27 Tons of Turkey Burgers Recalled Due to Salmonella
If you’ve bought turkey burgers at Sam’s Club anytime since last December, you really need to read this.
Twelve people across 10 states, including Colorado, have fallen ill with Salmonella Hadar infections. The outbreak has been linked to turkey burgers — specifically, the Jennie-O Turkey Store brand, which was sold only through Sam’s Club stores. The burgers are now being recalled, and Jennie-O has set up an informational web page that can be found at jennieo.com/recall.
Daniel J. DeNoon, senior medical writer for WebMD, provides the pertinent identifiers for the recalled meat:
- The UPC code 042222 261081
- A use-by date of “DEC 23 2011” and lot codes of 32710 through 32780 on the side panel of each box just above the tear strip.
- The establishment number P-7760 within the USDA inspection mark on the front of each box.
The Hadar strain of Salmonella is a little harder to fight since it seems to boast a resistance to several types of antiobiotics, the standard treatment. The website for the Center for Infectious Disease Research & Policy (CIDRAP) has some extensive information about both the recall and the strain involved, including information from the Centers for Disease Control and Prevention (CDC).
While this sort of thing might make one leery of eating meat at all, it’s probably much more useful to keep an eye open for recalls. After all, meat is hardly the only type of food to suffer contamination-based recall. Marissa Cevallos, a health writer for the Los Angeles Times, expains why:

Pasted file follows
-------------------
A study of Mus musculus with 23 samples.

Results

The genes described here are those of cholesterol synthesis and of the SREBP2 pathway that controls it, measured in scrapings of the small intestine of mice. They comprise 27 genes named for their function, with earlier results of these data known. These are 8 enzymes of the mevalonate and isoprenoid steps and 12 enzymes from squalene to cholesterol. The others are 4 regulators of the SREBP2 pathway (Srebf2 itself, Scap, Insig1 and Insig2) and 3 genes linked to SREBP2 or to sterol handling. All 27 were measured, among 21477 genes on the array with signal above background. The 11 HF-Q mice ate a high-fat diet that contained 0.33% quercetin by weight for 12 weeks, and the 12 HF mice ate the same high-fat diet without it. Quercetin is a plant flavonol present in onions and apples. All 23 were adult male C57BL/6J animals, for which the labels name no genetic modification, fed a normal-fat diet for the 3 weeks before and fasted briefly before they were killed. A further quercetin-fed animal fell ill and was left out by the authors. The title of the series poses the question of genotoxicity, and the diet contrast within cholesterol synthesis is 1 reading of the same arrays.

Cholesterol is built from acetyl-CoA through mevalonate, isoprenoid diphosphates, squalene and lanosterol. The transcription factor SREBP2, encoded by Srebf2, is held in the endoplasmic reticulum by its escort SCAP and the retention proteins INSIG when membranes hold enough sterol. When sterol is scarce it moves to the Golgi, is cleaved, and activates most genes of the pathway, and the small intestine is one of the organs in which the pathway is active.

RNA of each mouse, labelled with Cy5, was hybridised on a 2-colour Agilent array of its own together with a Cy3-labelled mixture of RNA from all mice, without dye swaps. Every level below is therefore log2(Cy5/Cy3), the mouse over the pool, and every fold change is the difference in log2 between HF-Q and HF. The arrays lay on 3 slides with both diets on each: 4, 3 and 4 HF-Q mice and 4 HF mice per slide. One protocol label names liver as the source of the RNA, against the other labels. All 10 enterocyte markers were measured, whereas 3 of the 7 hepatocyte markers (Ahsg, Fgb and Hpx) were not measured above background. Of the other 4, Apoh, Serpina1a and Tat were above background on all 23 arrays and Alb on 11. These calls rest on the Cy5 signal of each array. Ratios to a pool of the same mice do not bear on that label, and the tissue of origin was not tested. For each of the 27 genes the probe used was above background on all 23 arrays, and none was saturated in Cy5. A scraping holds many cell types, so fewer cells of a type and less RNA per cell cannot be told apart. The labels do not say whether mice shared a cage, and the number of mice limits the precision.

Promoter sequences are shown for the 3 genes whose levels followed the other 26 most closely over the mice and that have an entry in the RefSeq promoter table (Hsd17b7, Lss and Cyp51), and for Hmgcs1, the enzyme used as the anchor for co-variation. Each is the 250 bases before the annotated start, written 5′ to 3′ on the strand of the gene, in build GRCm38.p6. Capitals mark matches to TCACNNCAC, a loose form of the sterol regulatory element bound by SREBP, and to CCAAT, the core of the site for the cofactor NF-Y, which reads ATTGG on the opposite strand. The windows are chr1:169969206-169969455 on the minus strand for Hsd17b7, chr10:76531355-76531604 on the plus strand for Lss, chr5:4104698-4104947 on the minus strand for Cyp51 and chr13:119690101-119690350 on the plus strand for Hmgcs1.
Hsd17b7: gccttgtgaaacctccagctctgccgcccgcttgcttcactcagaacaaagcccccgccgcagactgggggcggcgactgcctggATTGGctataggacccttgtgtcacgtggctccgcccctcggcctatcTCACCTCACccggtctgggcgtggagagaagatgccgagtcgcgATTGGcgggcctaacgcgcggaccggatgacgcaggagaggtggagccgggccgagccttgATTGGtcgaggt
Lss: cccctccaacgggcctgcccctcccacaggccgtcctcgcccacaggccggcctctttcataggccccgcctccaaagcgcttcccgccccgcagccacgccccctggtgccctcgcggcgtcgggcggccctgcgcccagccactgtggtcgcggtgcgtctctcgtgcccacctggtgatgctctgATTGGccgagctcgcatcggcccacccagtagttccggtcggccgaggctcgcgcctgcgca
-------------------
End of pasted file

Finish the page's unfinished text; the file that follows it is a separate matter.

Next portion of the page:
Last month, Del Monte recalled nearly 5,000 cartons of cantaloupes after a strain of salmonella infected 13 people and hospitalized three. And between November 2010 and February 2011, 140 people were infected by a different strain of salmonella in alfalfa sprouts linked to from Jimmy John’s sandwiches. Last summer, more than 3,500 people were infected with salmonella from eggs.
I would advise taking extra care about food safety in general, but right now even more so. The Food Safety Inspection Service (FSIS) offers several tips about safe cooking temperatures and other food handling issues on their website.
The FSIS has warned that the Jennie-O recall may be expanded to include other uncooked turkey products. The inspection by the CDC and FSIS continues as of this time.
Jennie-O logo used under Fair Use: Reporting.